Edward Gurney Vaux Evans (September 3, 1907 – January 8, 1987) was a politician in Manitoba, Canada. He was a Progressive Conservative member of the Legislative Assembly of Manitoba from 1953 to 1969, and served as a cabinet minister in the governments of Dufferin Roblin and Walter Weir. His uncle, Harry Evans, was an Edmonton mayor.
He was born in Winnipeg, Manitoba, the son of William Sanford Evans, a Winnipeg mayor and Conservative MLA and party leader, and Irene Gurney, Evans was educated at Ridley College and the University of Manitoba, receiving a Bachelor of Arts degree. He became a publisher at his father's firm of Sanford Evans & Co. Ltd., and was assistant director of Ordnance Services in the Canadian Army from 1942 to 1946, reaching the rank of lieutenant colonel. He received the Order of the British Empire, and was a member of the Canadian Empire Club.
Evans served as executive director for the Carswell-Shaw Commission which assessed Manitoba flood damages in 1950 and was executive director of the Red River Valley Board following the 1950 flood. He was also chairman of the Manitoba Civil Service Commission.
Evans was a longtime friend of Dufferin Roblin, and was personally encouraged by Roblin to run for the provincial Progressive Conservatives. He was first elected to the Manitoba legislature in the 1953 provincial election, in the riding of Winnipeg South. This riding elected four members by preferential balloting; Evans finished fourth on the first ballot, was declared elected on the sixth and final count. In 1954, members of the Winnipeg Press Gallery unanimously endorsed him as the "most dignified man in the house" at their annual dinner.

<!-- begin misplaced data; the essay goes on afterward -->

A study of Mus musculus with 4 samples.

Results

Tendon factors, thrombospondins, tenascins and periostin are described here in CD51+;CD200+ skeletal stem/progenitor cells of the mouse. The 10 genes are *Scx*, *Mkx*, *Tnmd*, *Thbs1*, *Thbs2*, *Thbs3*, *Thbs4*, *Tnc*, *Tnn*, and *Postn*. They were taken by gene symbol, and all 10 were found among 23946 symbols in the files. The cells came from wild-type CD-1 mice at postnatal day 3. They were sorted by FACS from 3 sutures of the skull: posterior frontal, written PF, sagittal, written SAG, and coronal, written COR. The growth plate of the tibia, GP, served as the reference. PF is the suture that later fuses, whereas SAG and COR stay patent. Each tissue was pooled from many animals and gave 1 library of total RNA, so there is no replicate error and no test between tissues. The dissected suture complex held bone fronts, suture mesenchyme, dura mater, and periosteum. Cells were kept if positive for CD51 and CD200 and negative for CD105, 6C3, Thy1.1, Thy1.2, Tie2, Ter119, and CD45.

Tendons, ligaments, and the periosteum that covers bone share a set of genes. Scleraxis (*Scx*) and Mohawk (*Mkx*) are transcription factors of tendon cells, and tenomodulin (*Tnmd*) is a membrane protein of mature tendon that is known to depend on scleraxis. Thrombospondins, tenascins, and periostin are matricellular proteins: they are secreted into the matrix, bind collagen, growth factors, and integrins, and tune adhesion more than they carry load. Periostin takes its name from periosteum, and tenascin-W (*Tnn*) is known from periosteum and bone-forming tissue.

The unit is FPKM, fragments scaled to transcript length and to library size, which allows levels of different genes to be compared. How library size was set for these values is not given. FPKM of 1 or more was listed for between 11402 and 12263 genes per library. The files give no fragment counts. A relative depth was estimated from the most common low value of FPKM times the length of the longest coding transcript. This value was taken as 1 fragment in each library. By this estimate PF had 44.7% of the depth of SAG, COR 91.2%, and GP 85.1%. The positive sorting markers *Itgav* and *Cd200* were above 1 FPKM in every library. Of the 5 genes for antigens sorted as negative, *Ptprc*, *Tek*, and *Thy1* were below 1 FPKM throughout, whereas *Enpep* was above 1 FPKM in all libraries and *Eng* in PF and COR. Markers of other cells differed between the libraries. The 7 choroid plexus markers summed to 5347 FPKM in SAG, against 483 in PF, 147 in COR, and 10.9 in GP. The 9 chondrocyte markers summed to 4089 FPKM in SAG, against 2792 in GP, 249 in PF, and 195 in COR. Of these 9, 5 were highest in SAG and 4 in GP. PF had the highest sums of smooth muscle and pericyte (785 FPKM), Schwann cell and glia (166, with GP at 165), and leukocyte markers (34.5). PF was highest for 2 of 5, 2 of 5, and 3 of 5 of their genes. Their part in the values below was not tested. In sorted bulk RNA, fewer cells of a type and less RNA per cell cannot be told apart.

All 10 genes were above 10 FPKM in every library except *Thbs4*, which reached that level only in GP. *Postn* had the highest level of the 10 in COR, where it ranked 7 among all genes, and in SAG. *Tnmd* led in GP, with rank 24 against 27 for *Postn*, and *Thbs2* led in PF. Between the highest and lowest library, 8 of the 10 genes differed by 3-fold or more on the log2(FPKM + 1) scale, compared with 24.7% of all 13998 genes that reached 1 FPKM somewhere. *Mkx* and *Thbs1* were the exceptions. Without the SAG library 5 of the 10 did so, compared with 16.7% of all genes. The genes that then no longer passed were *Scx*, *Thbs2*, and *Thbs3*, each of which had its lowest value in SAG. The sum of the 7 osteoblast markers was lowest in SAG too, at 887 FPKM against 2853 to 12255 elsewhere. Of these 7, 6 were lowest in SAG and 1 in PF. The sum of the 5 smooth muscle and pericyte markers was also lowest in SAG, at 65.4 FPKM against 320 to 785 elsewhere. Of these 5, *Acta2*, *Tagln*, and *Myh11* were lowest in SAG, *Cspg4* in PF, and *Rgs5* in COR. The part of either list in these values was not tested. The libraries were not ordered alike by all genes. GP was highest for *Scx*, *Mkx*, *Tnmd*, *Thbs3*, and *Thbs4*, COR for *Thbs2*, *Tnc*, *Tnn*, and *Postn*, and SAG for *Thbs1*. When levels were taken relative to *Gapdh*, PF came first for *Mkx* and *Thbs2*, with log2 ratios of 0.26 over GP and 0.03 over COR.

He was re-elected in the 1958 provincial election, easily winning in the redistributed single-member constituency of Fort Rouge. The Progressive Conservatives formed a minority government after this election, and Evans was named Minister of Industry and Commerce and Minister of Mines and Natural Resources on June 30, 1958.
Evans was re-elected again in the provincial elections of 1962 and 1966. He stopped serving as Provincial Secretary on June 12, 1963. On July 22, 1966, was promoted from Industry and Commerce to the high-profile position of Provincial Treasurer and Minister of Mines and Natural Resources. Walter Weir retained Evans in these positions when he replaced Roblin as Premier in 1967. As Treasurer, Evans suggested separating capital from operating in the budget.
The Progressive Conservatives were defeated in the 1969 provincial election, and Evans lost his seat to Cy Gonick of the New Democratic Party by 273 votes in the redistributed riding of Crescentwood. He did not seek a return to provincial office after this time.
- "MLA Biographies - Deceased". Legislative Assembly of Manitoba. Archived from the original on 2014-03-30.
- "William Sanford Evans (1869-1949)". Memorable Manitobans. Manitoba Historical Society.
- Bumsted, J M (2000). Dictionary of Manitoba Biography. University of Manitoba Press. p. 77. ISBN 0887553184. Retrieved 2013-08-28.
- "Edward Gurney Vaux Evans (1907-1987)". Memorable Manitobans. Manitoba Historical Society. Retrieved 2013-08-28.